Haematocrit is the percentage of red blood in the blood. The red blood cells transport oxygen throughout the body, making them essential to optimum body function. Having low or red blood cells levels can indicate a wide range of conditions
A haematocrit test, also called a packed cell volume test (test), is a simple and common blood test done to measure the red blood cell percentage in the blood.
A haematocrit test is usually done during a complete blood count (CBC). Your doctor can order measuring the percentage of your red blood cells to monitor the effectiveness of a treatment or diagnose a condition.
Lower haematocrit level can be a sign of:
Higher haematocrit level can indicate:
A haematocrit test is a simple blood test that doesn’t require fasting or other preparation
The healthcare provider will draw blood samples from a vein in your arm into a small tube. You may feel slight tenderness at the spot the needle enters your skin, but this doesn’t last long, and you can resume your regular activities.
The result of a haematocrit test is in percentage. The normal range depends on sex, age and race and slightly varies in different labs.
Generally, the normal haematocrit ranges are:
The normal range for children ages 17 and below varies by sex and age.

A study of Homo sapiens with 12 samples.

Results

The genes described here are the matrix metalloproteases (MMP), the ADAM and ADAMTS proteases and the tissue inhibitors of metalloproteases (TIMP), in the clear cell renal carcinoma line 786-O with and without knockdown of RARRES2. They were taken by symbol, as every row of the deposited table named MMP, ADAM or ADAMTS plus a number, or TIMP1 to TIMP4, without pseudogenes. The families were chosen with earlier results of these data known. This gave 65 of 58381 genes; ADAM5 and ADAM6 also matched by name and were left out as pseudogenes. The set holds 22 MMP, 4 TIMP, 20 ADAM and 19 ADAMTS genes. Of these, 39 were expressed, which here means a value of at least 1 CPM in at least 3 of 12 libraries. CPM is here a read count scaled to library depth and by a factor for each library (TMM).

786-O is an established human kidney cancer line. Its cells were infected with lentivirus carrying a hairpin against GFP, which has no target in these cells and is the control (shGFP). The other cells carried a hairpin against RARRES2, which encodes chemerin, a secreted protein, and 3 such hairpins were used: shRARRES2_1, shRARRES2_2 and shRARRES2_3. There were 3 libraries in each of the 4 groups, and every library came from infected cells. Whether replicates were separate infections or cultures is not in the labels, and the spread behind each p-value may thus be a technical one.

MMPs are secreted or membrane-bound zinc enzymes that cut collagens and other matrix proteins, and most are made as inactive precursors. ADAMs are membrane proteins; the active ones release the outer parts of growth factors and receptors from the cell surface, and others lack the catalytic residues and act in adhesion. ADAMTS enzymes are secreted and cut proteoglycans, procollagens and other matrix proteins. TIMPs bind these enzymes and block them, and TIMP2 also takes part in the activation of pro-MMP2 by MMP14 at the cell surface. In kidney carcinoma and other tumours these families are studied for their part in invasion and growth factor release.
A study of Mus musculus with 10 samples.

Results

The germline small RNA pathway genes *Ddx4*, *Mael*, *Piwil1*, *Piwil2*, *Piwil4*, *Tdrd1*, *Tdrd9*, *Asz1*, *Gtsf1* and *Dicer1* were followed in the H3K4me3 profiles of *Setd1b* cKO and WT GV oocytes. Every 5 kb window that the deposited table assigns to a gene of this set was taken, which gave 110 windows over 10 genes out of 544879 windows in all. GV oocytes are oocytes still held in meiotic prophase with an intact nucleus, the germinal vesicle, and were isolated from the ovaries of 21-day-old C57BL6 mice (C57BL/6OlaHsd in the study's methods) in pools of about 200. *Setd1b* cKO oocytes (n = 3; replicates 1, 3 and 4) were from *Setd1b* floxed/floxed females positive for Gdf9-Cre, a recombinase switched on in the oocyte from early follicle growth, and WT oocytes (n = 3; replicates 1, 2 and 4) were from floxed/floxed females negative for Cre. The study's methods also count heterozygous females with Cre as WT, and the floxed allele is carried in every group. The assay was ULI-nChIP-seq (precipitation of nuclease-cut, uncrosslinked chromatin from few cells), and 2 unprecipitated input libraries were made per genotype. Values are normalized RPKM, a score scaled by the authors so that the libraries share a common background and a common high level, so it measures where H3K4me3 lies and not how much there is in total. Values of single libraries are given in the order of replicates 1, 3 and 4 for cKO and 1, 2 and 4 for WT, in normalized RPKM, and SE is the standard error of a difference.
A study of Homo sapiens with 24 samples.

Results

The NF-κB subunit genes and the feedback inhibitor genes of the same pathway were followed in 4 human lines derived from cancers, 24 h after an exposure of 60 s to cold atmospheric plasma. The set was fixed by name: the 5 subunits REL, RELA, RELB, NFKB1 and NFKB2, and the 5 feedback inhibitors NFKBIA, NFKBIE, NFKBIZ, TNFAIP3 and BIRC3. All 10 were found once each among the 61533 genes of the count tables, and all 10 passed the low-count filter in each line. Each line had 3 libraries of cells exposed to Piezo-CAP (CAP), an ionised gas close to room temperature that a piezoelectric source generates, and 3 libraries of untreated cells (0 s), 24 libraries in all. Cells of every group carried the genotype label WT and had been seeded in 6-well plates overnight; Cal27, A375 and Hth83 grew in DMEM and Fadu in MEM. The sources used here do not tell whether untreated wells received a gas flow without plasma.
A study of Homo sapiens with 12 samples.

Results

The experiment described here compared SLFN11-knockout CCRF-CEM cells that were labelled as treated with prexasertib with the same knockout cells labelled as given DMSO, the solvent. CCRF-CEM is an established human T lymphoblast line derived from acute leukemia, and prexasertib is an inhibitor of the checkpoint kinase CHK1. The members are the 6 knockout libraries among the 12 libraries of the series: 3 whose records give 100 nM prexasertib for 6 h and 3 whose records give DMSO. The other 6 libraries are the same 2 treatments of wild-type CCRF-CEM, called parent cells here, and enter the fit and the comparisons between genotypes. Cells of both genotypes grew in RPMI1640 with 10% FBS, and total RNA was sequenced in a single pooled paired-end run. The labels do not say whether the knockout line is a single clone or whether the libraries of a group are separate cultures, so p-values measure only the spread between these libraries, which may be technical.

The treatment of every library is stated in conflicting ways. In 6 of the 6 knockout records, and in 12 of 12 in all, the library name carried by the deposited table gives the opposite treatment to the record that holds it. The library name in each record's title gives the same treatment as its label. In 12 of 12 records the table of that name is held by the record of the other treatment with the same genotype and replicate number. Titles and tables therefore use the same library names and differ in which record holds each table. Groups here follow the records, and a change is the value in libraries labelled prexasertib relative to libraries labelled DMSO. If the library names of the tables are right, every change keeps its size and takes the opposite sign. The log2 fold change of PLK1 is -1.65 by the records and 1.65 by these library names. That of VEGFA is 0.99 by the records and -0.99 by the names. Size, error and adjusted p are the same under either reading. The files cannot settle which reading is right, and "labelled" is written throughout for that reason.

Your haematocrit test provides only a piece of information about your health. Your doctor will explain what your result means based on your symptoms and the result of other diagnostic tests.
Several factors can affect the result of your haematocrit test and give a misleading or inaccurate result. These factors include:
When interpreting your haematocrit test result, your doctor will consider certain factors that cause complications. You may also need to repeat the test and other blood tests if your results give unexpected or conflicting information.
We can perform your haematocrit test alone or as part of a complete blood count at our clinic. Call our clinic on 02071830244 to book an appointment for your test or for more information on the tests we offer.